In Loss, The Chicago Cubs Find Fuel For A New Frontier

The day after is always the worst. And that day after is even worse if it is the end of the latest – and perhaps greatest – shot at ending the most haunting dry spell in all of sports: the Chicago Cubs World Series draught.

The Cubs’ 2015 came to an end on Wednesday evening at the hands of the newly crowned National League champion New York Mets. The Metropolitans made quick work of their foes, ending the series in the minimum four required games, and they did so in the same undeniable manner that the Cubs had utilized to neutralize the Pittsburgh Pirates and St. Louis Cardinals in route to their first NLCS since 2003. And while this defied the pace the North Siders played at through the NL Division Series, as well as the predictions of a certain Robert Zemeckis film who's revived fame had been eerily timely, it became clear quickly that the Mets' fate was of higher priority than reversing the curse of Wrigley Field's summer inhabitants.

It was a sudden end for a club whom just a week ago, was a runaway freight train through all obstacles. Armed with two top-notch starting pitchers in Jon Lester and Jake Arrieta, as well as a lineup laden with a stockpile of powerful bats, a supremely confident manager in Joe Maddon and the confidence that comes with a decisive victory over your greatest rival, the Cubs looked to be primed to make it to the World Series for the first time since 1945.

But it came crashing down and now they find themselves once again with a lost season and another tally on the prison wall of their championship-less century.

However, this time, even in defeat, things are different than they have ever been. While the disappointment in the outcome of the year is palpable, there is reason for more hope than there has ever been for the Wrigley faithful. Because regardless of how this year closed out, the future for the Cubs is arguably brighter than it is for any other team in baseball.

CHICAGO, IL - OCTOBER 21: Jason Hammel #39 of the Chicago Cubs walks off the field after being relieved in the second inning against the New York Mets during game four of the 2015 MLB National League Championship Series at Wrigley Field on October 21, 2015 in Chicago, Illinois. (Photo by Jonathan Daniel/Getty Images)

Sure, this year’s championship opportunity slipped away, but make no mistake about it: these aren’t your daddy’s….or his daddy’s….or his daddy’s daddy’s Cubs: these young bears have bite and have the opportunity to embark on the longest competitive window this franchise has seen in over a century.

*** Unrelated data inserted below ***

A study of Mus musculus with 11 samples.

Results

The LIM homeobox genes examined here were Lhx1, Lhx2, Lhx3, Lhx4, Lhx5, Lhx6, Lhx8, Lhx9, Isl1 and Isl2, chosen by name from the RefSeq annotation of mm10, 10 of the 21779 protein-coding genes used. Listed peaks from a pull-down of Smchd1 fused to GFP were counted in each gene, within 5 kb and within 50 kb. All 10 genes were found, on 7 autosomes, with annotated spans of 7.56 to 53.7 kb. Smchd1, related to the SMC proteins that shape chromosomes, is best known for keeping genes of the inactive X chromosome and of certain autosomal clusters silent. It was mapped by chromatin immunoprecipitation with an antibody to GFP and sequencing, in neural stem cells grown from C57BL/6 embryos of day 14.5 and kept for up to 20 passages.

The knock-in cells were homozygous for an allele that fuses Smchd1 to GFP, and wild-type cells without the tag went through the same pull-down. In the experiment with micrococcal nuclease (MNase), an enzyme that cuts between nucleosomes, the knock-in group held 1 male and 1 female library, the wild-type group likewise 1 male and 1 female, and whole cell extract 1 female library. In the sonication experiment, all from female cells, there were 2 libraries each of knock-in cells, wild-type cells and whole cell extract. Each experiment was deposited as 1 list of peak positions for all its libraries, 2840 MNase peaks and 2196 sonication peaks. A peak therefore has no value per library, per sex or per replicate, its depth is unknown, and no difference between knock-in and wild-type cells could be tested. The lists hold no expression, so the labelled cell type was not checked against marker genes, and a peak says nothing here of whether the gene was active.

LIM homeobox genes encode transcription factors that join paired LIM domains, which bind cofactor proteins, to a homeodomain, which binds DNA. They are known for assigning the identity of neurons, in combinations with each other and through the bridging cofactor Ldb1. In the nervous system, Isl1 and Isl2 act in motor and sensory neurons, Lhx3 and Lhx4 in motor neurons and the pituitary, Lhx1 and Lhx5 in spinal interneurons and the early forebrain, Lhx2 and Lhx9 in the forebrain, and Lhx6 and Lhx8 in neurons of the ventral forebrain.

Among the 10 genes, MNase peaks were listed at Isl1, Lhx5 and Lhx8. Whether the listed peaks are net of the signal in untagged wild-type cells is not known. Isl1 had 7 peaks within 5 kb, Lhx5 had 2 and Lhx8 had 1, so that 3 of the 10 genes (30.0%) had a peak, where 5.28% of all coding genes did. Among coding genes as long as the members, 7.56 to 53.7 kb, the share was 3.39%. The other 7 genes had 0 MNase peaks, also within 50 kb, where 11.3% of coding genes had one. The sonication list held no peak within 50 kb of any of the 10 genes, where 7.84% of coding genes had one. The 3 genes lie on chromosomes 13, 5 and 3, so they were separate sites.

If anything, the roller coaster of the 2015 postseason will better prepare this collective for its future than any other outcome could have. They learned what it meant to play in a winner takes all game, on the road, and emerge victorious. They also discovered what it meant to enter a series on the road, versus a top-seeded team and not let the moment or emotions be too big.

They also learned what it meant to be fueled by a home crowd and share the hunger of every moment of a given series, as if the past, present and future all hung in the balance with each pitch. Because, in all honesty, it did.

More importantly than anything else, their nucleus, whose average age across their infield is 24 years old and is compliment by an outfield whose returning starters are the 22-year-old Kyle Schwarber and the slightly senior 23-year-old Jorge Soler, learned what it means to lose together, in a sudden and unstoppable way, very early on in their careers.

Many experiences come from success, but so much more can be learned in defeat. And while the star is just taking off in the careers of the likely Rookie of the Year Kris Bryant, All-Star Rizzo, the talented middle infield duo of incredibly talented Addison Russell and Javier Baez, as well as the revived Starlin Castro, talent can only take one so far.

But no longer can anyone say the young Cubs haven’t “been there,” because they have. And while they will continue to add on to their collective in the form of marquee free agents, and even more homegrown talent, the most important element in the end may be the first loss this new era of the Cub collective took together.

Because now the bricks in the foundation have proven not only to be strong, but they know what it means to be cracked. And more importantly than anything else, they now have the knowledge of what it takes to avoid the hammer in the future.

And nothing is more dangerous than a talented and experienced young club that has had a taste now, and will do anything for more. And the most recent loss in the lineage of losses in the franchise’s history, could prove to be the most valuable one yet.

Less can truly end up being more, in time.